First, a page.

Finland waits for new EU treaty before NATO membership review
Finland could change its official position on NATO membership after the new EU treaty clarifies if there will be any new EU-level defence deal, but in the meantime Helsinki's defence ministry is pushing to join NATO and its army is making technical preparations for membership.
"Our next foreign and defence policy report will not come out before the EU constitution treaty. We are waiting for some kind of solution on that, so probably before 2009 we will have our new report," Finnish prime minister Matti Vanhanen's spokeswoman, Sanna Kangasharju, told EUobserver on Thursday (26 April).
The current Finnish white paper on defence dating from 2004 states that Finland will not seek NATO membership but "maintains an option" to join, especially if Finnish public opinion or the security climate change. The position is mirrored by the centrist party of prime minister Matti Vanhanen in its manifesto for 2006 to 2010.
The text of the draft EU constitution - rejected in 2005 by France and the Netherlands but currently undergoing a revival process - foresees solidarity clauses on natural disasters and terrorist attacks, but not energy or defence-related crises. The idea of a real EU military wing is an anathema to neutrals like Ireland or anti-federalist EU states.
But the entry into the Finnish ruling coalition after last year's elections of the more hawkish conservative party has revived the country's internal NATO debate, with conservative defence minister Jyri Häkämies on Wednesday saying on Finnish TV that "NATO membership would in the long term improve Finland's security."
"We see some worrying developments in the security climate," defence ministry spokesman Jyrki Iivonen told EUobserver on Thursday, in reference to the US-Russia row over a new missile shield base in eastern Europe and Moscow's talk of a new "arms race" and a change in the post-Cold War security balance.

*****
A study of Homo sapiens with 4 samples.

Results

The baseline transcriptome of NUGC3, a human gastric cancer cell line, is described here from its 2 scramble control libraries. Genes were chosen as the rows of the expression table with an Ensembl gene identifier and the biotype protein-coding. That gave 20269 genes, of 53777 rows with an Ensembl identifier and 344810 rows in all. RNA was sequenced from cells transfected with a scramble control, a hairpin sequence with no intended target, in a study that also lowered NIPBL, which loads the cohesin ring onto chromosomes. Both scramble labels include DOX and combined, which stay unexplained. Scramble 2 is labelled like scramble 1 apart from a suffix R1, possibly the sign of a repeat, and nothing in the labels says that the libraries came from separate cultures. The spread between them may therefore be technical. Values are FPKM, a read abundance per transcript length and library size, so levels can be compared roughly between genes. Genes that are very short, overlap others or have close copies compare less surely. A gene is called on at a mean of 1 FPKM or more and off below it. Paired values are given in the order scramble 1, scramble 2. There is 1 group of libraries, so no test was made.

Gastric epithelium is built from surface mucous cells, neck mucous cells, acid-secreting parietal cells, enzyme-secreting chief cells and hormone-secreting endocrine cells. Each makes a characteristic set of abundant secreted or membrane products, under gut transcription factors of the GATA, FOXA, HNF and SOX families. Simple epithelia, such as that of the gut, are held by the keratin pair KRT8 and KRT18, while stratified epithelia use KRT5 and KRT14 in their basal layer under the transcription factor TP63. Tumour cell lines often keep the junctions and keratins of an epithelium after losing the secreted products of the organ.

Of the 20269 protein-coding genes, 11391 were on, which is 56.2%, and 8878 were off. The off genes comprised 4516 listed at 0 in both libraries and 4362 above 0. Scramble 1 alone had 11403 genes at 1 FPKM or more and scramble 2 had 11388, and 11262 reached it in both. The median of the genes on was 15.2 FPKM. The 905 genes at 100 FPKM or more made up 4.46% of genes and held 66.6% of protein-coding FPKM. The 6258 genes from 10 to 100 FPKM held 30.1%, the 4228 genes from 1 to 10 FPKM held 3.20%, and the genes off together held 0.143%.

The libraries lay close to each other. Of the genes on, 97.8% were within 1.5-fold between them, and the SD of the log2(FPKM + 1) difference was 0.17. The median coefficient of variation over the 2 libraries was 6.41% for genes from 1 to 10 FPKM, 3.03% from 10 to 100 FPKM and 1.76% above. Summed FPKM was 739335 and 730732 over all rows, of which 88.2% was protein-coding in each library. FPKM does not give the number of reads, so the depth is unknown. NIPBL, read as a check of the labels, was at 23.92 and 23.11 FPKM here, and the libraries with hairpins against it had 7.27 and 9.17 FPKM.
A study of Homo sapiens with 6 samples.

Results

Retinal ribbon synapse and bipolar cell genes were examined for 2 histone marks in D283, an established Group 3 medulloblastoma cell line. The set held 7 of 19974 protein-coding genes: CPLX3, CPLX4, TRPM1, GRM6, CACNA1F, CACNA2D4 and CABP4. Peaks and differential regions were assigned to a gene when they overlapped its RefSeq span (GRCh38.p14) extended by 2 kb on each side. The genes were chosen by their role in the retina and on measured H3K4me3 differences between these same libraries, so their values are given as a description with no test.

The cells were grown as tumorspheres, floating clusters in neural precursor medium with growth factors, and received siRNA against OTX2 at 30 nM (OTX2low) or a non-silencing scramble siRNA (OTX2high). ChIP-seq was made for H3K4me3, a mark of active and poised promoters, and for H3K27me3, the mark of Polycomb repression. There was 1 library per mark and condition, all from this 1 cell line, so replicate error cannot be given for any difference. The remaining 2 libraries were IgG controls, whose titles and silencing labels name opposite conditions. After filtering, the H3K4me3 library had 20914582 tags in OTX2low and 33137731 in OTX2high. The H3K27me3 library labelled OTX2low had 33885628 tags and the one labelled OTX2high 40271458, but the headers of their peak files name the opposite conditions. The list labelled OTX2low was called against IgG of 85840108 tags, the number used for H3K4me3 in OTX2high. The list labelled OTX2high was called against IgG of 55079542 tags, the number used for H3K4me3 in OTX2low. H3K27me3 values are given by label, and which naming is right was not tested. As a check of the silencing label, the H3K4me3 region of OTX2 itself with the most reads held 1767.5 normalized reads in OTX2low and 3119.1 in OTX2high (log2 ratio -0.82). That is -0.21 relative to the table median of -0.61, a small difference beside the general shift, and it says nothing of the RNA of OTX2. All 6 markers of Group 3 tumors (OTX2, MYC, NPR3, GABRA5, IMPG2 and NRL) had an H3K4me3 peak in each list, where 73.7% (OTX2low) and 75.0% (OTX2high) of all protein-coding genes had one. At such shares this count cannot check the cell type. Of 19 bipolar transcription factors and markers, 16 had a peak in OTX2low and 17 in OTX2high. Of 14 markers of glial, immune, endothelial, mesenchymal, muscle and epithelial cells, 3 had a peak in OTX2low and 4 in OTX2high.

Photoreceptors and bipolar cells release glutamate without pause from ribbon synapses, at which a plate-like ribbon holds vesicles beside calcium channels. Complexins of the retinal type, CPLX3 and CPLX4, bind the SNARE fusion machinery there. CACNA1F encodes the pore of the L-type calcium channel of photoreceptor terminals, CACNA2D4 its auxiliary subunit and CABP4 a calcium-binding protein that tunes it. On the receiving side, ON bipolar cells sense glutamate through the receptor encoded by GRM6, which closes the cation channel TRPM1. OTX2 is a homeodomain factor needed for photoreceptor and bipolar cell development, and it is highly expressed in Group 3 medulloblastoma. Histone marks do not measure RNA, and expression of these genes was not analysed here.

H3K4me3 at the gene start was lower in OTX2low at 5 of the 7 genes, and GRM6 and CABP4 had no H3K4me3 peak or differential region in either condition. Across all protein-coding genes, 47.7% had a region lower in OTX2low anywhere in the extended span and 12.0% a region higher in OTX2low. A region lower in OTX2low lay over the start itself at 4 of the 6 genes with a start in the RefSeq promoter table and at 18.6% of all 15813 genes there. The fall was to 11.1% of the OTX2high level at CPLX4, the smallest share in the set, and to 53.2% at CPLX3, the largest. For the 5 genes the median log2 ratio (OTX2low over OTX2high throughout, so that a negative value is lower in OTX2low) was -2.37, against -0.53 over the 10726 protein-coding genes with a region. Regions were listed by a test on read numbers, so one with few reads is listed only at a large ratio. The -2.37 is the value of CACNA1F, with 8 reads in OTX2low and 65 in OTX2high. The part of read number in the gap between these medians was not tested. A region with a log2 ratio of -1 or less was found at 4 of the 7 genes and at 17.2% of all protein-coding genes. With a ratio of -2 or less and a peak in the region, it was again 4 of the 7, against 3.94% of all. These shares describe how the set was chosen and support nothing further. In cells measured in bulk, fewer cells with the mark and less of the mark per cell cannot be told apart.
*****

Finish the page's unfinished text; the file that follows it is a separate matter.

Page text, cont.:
Finnish army concerns
He added that the Finnish army's joint work with NATO in Kosovo and Afghanistan is complicated by limitations on intelligence-sharing and joint decision-making relating to NATO non-membership. "I wouldn't call it frustration, but there are difficulties in terms of the effectiveness of our participation," he said.
Mr Iivonen also explained that the Finnish army has for several years been developing its technical capabilities on the basis of NATO compatibility. "If there is a decision on NATO, then we are technically in a good condition," he said, with NATO sources confirming that Finnish NATO accession could proceed quickly if desired.
Public opinion - the latest polls show 60 percent of Finnish people are against joining NATO - is not Helsinki's only consideration in not joining the trans-Atlantic club, however.
To begin with, Finland has an unspoken agreement with EU neighbour and non-NATO country Sweden that Stockholm will be carefully consulted on any defence moves. "It's extremely improbable [that Finland could join NATO without Sweden]," Mr Iivonen said. "We very much go hand in hand."
Finland also has a 1,300 km border and strong economic ties with Russia. In terms of the country's EU history, one of the reasons why it delayed joining the European Union until 1995 is because it was wary of Russia's bilateral reaction in the tense Cold War climate of the 1970s and 1980s.
Russian leader Vladimir Putin last year said NATO membership would be an internal matter for Finland, but Moscow's more recent anti-NATO rhetoric has focused on NATO expansionism, in terms of new bases in the EU's Baltic states or Poland.
"We have no reason to believe the reaction would be different with another neighbouring country," Ms Kangasharju said.
A NATO spokesman told EUobserver that the trans-Atlantic alliance treats Russian statements "with all due respect." But he added that "When it comes to NATO decisions and public statements about NATO's enlargement, it is only NATO that takes the ultimate decisions."
Currently Finland, Sweden, Ireland, Austria, Malta and Cyprus are the only EU states that are not part of the 26-country strong NATO club. Croatia, Macedonia and Albania are the next in line to join, in a process that could take years. Post-Soviet states Ukraine and Georgia are also talking about future NATO membership.